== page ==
In my last column, I discussed how patients use social media to access health information (October 2012, p. 22). To summarize, some basic trends are strikingly clear. Women are generally more concerned about their health than men, and seek information from both the Internet and their physicians. It is also clear that women make most of the health decisions for their families. Additionally, we know that many patients use social media to connect with one another to share their experiences with both rare and common diseases.
Explore this issue:March 2013
In this month’s column, I’ll take a look at industry participation in social media and how it is used internally and with patients. Currently, we know that approximately 35 percent of 18- to 34-year-olds use social media to access some kind of health information. Older patients are more reluctant to use the Internet and are much less likely to use social media for any type of health information. Patients of all ages continue to rely heavily on physicians for health information, according to digital marketing agency TopRank Online Marketing. Patients turn most frequently to their personal or primary care physicians, and then to specialists, for information. Notably, at the very bottom of the list of popular sources of health information are television and magazine advertisements, according to searchforhealth.net.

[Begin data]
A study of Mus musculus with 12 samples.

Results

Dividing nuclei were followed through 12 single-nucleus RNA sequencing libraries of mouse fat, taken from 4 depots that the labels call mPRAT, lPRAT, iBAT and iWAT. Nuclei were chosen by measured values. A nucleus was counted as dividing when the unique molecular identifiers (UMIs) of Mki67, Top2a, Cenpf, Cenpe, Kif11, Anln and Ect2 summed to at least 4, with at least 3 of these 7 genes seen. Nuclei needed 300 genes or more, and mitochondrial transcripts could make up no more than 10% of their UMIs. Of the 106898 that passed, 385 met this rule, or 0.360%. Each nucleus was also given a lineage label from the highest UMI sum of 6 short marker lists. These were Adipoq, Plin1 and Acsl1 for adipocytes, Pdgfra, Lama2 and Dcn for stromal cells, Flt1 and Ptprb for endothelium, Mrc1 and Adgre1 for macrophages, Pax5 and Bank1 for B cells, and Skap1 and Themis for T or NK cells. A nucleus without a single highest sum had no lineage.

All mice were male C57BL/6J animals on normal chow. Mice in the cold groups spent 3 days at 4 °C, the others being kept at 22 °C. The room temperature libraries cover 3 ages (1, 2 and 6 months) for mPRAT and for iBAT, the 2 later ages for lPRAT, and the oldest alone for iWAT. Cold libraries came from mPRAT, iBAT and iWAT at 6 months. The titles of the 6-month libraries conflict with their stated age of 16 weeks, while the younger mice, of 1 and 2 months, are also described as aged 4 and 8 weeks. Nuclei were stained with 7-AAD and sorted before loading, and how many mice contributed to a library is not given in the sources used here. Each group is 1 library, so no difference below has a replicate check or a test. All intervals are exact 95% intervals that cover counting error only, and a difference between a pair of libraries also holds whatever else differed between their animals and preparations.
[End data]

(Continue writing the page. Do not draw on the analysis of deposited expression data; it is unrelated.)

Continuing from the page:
Google, Yahoo, MSN and ASK are the main search engines used to locate information. Health care specialty search engines such as Healia, Medstory, Fealth, Kosmix and Healthline are not heavily utilized by the general public. The main focuses of patient searches are symptoms, specific diseases, treatments and conditions. At this time, there are relatively few searches directed toward insurance companies, doctors, hospitals and pharmaceutical companies.
Additionally, patients are not yet turning to physician rating systems in large numbers. With the changes coming in health care delivery, such as Accountable Care Organizations (ACO), this may become a moot point anyway, with physicians available to patients limited to their specific ACOs.
Direct Marketing Campaigns
The pharmaceutical industry has been the primary source of direct marketing campaigns since the Federal Drug Administration (FDA) allowed direct marketing to patients nearly 15 years ago. Expenditures are huge. Pharmaceutical promotions have grown from $11.4 billion in 1996 to $29.9 billion in 2005 (N Engl J Med. 2007;357:673-681). Current estimates indicate expenditures in direct marketing are increasing by 20 percent each year.